Nordic Life Science must not rest on its laurels

As illustrated by the all-time high international participation at this year´s Nordic Life Science Days conference in the Swedish city of Malmö this autumn, the Nordics has become a life science hotspot attracting investors, talent, and companies from all over the world.
Anette Steenberg, CEO of Medicon Valley Alliance

Nowhere, is this positive development more visible than in the Medicon Valley – the cross-border region covering eastern Denmark and southern Sweden. Medicon Valley has undergone a tremendous development over the last 25 years and has firmly established itself as not only the leading life science cluster of the Nordics but also the largest life science region in the European Union. 

There are many reasons for this positive development. Key foundations such as The Novo Nordisk Foundation, Mats Paulsson´s Foundations and Knut and Alice Wallenberg Foundation have invested heavily in Danish and Swedish life science. We have experienced an increasing political awareness and interest in the life science sector due to the positive contributions to patients and to society via good jobs and remarkable exports and tax revenues, all resulting in ambitious national life science strategies.  Moreover, there has been public investment in research facilities such as MAX IV and European Spallation Source in Region Skåne, which will also benefit the life science industry. Furthermore, there has been a boom in new innovative life science start-ups in both Lund, Malmö and Copenhagen spinning out from the successful incubators and accelerators such as the Danish BioInnovation Institute and Swedish SmiLe incubator in Lund. We have also seen massive private investments in life science manufacturing, DKK 45 bn over the past couple of years. 

At Medicon Valley, we have actively worked to strengthen the Danish-Swedish collaboration within strategic existing and future R&D stronghold projects within infertility, diabetes, and microbiome related R&D, strengthened our professional network and we have seen a growing awareness and interest in the life science cluster in Medicon Valley from international investors and talent.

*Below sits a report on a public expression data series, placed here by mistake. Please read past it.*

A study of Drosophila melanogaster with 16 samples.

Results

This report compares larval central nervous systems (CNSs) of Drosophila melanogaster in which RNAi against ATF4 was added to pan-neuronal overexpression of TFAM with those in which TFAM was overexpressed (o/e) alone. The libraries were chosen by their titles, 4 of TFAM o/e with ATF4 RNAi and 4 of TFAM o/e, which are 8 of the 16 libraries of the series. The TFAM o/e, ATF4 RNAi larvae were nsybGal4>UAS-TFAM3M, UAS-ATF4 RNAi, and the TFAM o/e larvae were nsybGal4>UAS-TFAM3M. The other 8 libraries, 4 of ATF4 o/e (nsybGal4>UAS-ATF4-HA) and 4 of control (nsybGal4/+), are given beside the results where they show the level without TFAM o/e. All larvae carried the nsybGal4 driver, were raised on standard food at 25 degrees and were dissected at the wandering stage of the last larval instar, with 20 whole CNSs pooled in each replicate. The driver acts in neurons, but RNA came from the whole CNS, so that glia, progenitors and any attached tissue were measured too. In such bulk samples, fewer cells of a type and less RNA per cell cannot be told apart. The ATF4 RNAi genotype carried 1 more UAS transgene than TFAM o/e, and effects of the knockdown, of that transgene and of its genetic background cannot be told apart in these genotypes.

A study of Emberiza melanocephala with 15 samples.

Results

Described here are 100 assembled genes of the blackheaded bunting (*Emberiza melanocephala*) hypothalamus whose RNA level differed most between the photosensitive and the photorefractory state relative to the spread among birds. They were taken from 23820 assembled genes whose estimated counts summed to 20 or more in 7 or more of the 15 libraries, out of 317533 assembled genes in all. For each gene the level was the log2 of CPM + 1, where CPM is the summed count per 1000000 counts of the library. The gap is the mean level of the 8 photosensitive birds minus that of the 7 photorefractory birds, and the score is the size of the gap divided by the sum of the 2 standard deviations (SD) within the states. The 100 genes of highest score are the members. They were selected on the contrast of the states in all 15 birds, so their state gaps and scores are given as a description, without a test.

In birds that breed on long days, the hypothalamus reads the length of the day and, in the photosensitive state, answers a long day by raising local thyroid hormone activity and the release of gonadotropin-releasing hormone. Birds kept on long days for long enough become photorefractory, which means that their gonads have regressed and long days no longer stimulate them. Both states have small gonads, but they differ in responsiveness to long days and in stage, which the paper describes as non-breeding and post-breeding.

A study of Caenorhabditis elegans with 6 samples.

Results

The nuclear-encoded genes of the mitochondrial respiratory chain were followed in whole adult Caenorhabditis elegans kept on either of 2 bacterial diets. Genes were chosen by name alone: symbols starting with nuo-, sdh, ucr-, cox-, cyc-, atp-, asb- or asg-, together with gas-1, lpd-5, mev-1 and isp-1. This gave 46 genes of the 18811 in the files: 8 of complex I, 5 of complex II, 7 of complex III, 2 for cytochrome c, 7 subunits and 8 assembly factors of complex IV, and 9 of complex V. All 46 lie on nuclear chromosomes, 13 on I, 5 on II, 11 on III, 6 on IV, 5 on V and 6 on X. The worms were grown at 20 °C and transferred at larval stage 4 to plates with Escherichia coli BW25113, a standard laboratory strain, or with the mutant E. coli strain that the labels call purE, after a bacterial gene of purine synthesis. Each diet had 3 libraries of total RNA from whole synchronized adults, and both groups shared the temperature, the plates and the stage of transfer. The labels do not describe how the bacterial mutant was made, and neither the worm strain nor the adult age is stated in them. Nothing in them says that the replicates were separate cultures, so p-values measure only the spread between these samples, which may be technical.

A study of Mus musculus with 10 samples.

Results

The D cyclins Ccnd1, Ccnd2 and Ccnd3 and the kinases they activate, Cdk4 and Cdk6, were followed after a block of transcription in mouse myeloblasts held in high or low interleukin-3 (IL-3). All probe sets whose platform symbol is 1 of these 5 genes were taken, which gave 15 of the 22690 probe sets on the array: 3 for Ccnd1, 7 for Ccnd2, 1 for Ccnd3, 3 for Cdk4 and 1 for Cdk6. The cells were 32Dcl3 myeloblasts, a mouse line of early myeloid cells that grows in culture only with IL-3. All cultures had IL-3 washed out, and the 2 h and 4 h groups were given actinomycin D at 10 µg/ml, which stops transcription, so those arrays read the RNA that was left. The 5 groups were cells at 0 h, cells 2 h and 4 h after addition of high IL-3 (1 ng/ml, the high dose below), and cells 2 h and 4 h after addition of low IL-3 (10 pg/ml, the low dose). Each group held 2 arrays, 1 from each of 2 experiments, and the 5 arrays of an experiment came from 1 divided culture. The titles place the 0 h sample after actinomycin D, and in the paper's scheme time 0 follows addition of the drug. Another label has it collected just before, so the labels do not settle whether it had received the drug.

Today a total of around 65,500 people works in the more than 1,200 private life science companies in our bi-national region and in the last five years alone 12,000 news jobs have been created and about 300 new companies have been established. Finally, The Nordics are not just amongst the happiest nations in the world, we are also ranked in the very top as most Innovative countries in Europe (1. Sweden, 2. Finland, 3. Denmark (European Innovation Scoreboard). From my chair as CEO of the Danish-Swedish life science cluster organization, Medicon Valley Alliance, there is reason for considerable optimism when we officially celebrate our 25th anniversary this. But we must not rest on our laurels! 

When we dig a little deeper it becomes clear, however, that other European life science regions in for instance UK and Switzerland are ahead of us in key areas and that other European centres of academic excellence are continuously challenging our position. Furthermore, the “life science race” is not just a European race. The competition for talent, academic and regulatory excellence, innovation, manufacturing technology etc. is global and we need to secure attractive frame work conditions for research and development and actively position ourselves among the growing number of existing and emerging global life science hot spots in US and Asia.